Well, I have decided, for sure, wholeheartedly and under no other circumstances, that March will not end without me finishing a story treatment that I’ve been working on since late last year.
I know that sounds very disciplined of me, but to be honest, it’s not the first, second or even third month I have made such a proclamation to myself.
After spending so much time writing about news and other non-fiction events, it can be tough to switch gears and suddenly concentrate on fiction. I’m not really sure how other people, like my friend Jody Wheeler, does it — writing a story on his website DoorQ one minute, and then writing a screenplay the next.
Worse for me, I’m not even trying to finish a screenplay. I’m just doing a treatment — the steps after the story outline process, but before you actually sit down and craft a script. Many times, treatments like the are used to sell a project or gauge interest in a project. I’m trying to do the latter, to see if the story that has been rumbling around in my head the last few months is a solid one, or just something that sounds good to me, and only me.
You know, like what “Twilight” should’ve been with Stephenie Meyer.
But as much as I might like to knock Meyer, she at least is far more capable (and much more wealthy) than I am in doing all this. She finished her stories, and can now sit back and enjoy the praise/criticism. I, on the other hand, still have a half-finished treatment, and I’m looking for the energy to finish it.
A good portion of the treatment was actually finished thanks to popular genre writer Jane Espenson, who is doing some amazing work not only on “Game of Thrones,” but ABC’s “Once Upon a Time” as well. You could say she is being a great coach, even though I am not a direct student — just someone who follows her on Twitter, and participates in her “writing sprints” as often as I can.
The most recent work on the piece came from a 30-minute sprint, where we are supposed to sit down and do nothing but write for 30 minutes. It’s an excellent way to discipline yourself to write, and not allow yourself to put things off — which is so easy to do. In fact, I think when the word “procrastinate” was developed, the creator of the word specifically had writers in mind because damn, we sure know how to procrastinate.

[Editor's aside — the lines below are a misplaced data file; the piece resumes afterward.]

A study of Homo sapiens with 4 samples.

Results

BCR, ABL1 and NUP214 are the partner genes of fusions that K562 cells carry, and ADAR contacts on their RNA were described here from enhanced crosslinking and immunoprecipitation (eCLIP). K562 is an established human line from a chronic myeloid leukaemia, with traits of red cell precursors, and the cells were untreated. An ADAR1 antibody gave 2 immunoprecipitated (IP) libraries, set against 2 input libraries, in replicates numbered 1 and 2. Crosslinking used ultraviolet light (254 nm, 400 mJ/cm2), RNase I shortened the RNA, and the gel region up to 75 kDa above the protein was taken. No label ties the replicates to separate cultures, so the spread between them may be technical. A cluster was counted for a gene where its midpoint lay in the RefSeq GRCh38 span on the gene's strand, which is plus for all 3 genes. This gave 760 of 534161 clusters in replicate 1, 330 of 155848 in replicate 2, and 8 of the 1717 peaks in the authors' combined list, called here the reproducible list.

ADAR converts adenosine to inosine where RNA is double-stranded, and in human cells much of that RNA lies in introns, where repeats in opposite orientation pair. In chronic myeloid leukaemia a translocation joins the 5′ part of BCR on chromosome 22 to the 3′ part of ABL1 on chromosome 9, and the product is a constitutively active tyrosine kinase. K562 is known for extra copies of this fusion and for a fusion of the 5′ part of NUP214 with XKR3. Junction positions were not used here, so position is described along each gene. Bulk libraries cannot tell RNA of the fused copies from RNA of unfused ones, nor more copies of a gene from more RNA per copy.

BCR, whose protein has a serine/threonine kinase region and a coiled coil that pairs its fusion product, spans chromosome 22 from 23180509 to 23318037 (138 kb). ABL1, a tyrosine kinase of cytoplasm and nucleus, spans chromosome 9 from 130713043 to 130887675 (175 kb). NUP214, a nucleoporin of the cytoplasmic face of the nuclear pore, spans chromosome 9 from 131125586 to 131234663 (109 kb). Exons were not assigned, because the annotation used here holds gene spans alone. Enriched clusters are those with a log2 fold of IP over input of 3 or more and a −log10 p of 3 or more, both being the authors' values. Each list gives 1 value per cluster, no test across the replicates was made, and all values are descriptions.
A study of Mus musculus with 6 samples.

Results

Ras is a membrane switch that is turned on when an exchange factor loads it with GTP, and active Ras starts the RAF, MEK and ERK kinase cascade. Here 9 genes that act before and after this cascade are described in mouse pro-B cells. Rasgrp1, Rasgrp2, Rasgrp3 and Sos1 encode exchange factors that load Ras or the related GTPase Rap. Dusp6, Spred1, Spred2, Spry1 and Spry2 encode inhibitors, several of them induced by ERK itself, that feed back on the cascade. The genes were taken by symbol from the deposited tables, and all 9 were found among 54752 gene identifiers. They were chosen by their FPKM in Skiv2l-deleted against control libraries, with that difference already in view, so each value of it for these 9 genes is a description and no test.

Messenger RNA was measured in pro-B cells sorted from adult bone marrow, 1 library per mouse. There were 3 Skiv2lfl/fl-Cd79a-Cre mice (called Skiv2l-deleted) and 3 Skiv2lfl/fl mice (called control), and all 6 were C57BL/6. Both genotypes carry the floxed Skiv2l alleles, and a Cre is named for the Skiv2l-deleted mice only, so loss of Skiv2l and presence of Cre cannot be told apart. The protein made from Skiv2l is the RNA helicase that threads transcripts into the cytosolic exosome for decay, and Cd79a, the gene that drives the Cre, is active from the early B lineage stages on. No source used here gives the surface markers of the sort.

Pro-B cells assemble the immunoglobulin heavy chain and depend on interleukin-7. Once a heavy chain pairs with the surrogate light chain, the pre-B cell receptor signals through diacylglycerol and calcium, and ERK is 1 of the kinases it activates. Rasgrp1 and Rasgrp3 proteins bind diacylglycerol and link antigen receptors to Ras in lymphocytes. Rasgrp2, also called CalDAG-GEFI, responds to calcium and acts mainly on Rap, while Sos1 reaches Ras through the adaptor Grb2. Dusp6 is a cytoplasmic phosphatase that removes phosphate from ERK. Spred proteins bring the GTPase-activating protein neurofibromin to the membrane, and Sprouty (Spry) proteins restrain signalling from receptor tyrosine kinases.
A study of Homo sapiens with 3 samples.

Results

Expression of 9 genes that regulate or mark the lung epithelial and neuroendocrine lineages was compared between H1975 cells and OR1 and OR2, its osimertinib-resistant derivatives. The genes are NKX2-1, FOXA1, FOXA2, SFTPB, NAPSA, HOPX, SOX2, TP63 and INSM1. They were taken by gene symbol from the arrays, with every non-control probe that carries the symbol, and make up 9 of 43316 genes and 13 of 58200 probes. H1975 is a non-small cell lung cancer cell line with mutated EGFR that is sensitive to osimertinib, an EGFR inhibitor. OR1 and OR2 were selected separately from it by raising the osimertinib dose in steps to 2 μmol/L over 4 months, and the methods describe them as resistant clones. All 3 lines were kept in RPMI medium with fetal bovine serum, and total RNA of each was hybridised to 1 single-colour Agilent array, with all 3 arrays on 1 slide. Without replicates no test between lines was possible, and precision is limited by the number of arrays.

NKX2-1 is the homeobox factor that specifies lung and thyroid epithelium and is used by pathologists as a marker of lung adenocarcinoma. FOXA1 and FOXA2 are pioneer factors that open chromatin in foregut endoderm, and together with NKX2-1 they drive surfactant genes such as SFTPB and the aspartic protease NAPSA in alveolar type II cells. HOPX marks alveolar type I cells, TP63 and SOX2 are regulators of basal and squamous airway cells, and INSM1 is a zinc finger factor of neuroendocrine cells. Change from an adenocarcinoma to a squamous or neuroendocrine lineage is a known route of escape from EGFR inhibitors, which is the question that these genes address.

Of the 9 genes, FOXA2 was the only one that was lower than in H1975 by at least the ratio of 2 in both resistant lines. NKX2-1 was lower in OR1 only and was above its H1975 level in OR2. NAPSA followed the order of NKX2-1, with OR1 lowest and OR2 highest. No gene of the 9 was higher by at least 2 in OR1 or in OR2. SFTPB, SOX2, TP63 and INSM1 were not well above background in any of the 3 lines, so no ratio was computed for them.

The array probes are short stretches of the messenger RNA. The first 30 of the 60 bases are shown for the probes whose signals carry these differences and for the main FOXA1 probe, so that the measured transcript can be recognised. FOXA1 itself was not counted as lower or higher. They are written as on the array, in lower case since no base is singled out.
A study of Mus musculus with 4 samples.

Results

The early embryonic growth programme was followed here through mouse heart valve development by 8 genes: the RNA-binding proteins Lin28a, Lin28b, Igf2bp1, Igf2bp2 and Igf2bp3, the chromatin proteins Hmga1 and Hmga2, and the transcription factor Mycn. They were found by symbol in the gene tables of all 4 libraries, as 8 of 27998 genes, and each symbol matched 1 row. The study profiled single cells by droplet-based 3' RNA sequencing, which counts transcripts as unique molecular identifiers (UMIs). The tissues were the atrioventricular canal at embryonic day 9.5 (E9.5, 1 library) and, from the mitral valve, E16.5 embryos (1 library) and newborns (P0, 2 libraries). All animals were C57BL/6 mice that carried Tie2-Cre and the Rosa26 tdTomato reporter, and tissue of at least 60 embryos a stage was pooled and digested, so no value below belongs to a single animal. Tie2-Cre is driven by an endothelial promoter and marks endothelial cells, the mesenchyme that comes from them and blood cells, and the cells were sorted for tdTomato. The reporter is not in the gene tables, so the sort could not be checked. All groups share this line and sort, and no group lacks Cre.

Ever since I was old enough to realize what a writer was, I wanted to be a writer. At first, I wanted to write books. In the second grade, I created my own little children’s book (made on construction paper with crayons) about a frog who had a very long tongue. Later on, in an advanced reading class in sixth grade, I would actually doing my first reimagination, bringing the long-tongue frog story back to life, and actually putting together a complete story (that someone could read in 10 minutes).
After that, I came up with a number of ideas, some fully realized, others not so much. I tend to focus on a specific concept, and go from there. For example, in 2000, I wrote a one-act play that started from the idea that I’ve never seen a stage production take place in a treehouse. So I wrote “The Treehouse,” and in the process realized one major reason why we don’t see tree houses on stage — you would have to enter through the floor.
Unlike some of my other ideas that just fester in my head for years, this current concept came to me late last year, and I was able to develop it rather quickly. I am a huge fan of twists and turns, and the story in my head has plenty of them. Now, so that I can share it with others, I just need to get it down on paper. Once I do that, either I will get a lot of people praising me, or I will learn a tough lesson about writing anywhere near Hollywood — diamonds are just as rare in good movie ideas as they are in the clump of dirt we call our yards.
It’s going to happen. Someday. I promise. If not by the end of March, maybe by the end of December … of 2015. When is the world supposed to end again?